Lauren Hartke is renting a beach house on an isolated stretch of coast on what I can only assume is New England with her husband, the famous director, Rey Robles. She's still there when he drives back to their Manhattan apartment to shoot himself, leaving her alone in the little rented cottage.
But she isn't alone--she soon discovers that a squatter has been living in the attic, a strange, damaged man whom she calls Mr. Tuttle. His speech is inscrutable, made of clipped, imitated phrases:
He knew what a chair is called and a window and wall but not the tape recorder, although he knew how to turn it off, and not, it seemed, who is mother was or where she might be found.
"If there is another language you speak," she told him, "Say some words."
"Say some words."
"Say some words. Doesn't matter if I can't understand."
"Say some words to say some words."
"All right. Be a Zen master, you little creep."
Lauren extends her stay in the house, partly to live in the suspension from ordinary life it provides, and partly because of her fascination, and sense of responsibility for, Mr. Tuttle. She forms a theory that he lives outside of time, experiencing it, as the Trafalmadorians do, all at once; a theory supported when he predicts days ahead of time the words she will use when she breaks a glass on the floor. When he begins to speak in imitation of her dead husband, DeLillo suggests that he isn't merely recalling something that he overheard, but accessing a present that is absent for Lauren--linking her to an existence in which Rey is alive and, in a sense, cannot die.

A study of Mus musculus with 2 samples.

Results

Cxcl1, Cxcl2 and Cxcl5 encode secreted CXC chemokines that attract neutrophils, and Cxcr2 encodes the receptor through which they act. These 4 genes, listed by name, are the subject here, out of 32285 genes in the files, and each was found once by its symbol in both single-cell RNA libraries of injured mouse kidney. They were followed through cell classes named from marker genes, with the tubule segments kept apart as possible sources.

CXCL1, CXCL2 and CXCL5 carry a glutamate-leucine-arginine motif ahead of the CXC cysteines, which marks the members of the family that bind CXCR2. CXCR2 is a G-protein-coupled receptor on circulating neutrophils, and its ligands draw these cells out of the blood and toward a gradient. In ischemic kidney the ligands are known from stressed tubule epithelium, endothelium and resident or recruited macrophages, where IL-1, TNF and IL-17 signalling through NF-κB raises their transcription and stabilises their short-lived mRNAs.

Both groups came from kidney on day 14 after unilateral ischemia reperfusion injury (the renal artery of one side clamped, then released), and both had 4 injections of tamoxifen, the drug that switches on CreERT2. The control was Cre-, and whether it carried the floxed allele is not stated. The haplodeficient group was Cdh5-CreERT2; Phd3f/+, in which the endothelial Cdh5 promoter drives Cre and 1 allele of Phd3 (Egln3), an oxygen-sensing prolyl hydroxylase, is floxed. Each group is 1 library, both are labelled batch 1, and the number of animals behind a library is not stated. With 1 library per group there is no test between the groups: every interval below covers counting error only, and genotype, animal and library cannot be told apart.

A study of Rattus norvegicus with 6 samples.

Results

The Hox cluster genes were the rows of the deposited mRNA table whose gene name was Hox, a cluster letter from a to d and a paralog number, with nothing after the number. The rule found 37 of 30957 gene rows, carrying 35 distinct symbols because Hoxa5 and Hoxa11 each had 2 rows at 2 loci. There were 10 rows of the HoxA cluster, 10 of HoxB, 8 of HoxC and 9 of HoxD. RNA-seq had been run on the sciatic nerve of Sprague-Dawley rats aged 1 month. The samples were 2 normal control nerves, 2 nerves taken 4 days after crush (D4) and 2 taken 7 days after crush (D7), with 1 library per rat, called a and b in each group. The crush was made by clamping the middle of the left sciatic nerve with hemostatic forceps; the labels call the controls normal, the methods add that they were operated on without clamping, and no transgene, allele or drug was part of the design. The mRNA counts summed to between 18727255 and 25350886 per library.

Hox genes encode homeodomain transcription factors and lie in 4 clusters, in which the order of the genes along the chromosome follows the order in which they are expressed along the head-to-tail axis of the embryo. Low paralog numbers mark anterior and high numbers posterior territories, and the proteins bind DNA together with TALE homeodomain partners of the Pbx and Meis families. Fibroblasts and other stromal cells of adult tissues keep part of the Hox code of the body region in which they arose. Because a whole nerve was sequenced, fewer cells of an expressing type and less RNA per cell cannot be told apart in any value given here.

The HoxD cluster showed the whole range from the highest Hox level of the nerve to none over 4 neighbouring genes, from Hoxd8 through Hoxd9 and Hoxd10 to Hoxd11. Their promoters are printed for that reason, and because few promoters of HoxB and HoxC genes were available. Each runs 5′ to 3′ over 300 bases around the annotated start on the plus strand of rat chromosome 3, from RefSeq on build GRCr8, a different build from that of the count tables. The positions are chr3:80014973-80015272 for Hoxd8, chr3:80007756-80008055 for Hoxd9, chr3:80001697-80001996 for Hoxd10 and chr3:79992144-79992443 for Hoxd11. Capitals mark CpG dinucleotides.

Strangely, The Body Artist echoed something I've been writing about for my master's thesis on Paradise Lost: the idea that God lives in that eternal present, like Mr. Tuttle and the Trafalmadorians, and that intimacy with God can help assuage the inevitably painful experience of linear time. Mr. Tuttle does that, I think, for Lauren, but aloofly and imperfectly. Partly, I think my familiarity with that idea is what made the book fail to resonate with me. But also, DeLillo's prose has a way of being chilly and distant that mutes the power of Lauren's grief, and the novel whiffs on the opportunity to communicate the stakes involved in a liberation from the human experience of time.
Lauren is the "body artist" of the title--something of a performance artist, an interpretive dancer, or even a human sculpture. Mr. Tuttle, ultimately, fails to provide her any meaningful connection to her husband beyond a few scraps of his speech, uncannily imitated. But he provides inspiration for her final piece, described by DeLillo in the form of a newspaper review, in which she finds her own power of imitation:
Then she does something that makes me freeze in my seat. She switches to another voice. It is his voice, the naked man's, spooky as a woodwind in your closet. Not taped but live. Not lip-sync'd but real. It is speaking to me and I search my friend's face but I don't quite see her. I'm not sure what she's doing. I can almost believe she is equipped with male genitals, as in the piece, prosthetic of course, and maybe an Ace bandage in flesh-tone to bleep out her breasts, with a sprinkle of chest hair posted on. Or she has trained her upper body to deflate and her lower body to sprout. Don't put it past her.
The imitation--or perhaps embodiment--is of Mr. Tuttle. Lauren may not live beyond time, as he does, but she can use the power of her art to access another time, another place, another body. The prose is not quite successful--I find that convincing descriptions of genius in other arts rarely are. But it seems a fitting conclusion, that having been left alone, abandoned, left behind, Lauren is able to find solace in the multiplicity ("I contain multitudes!") of herself.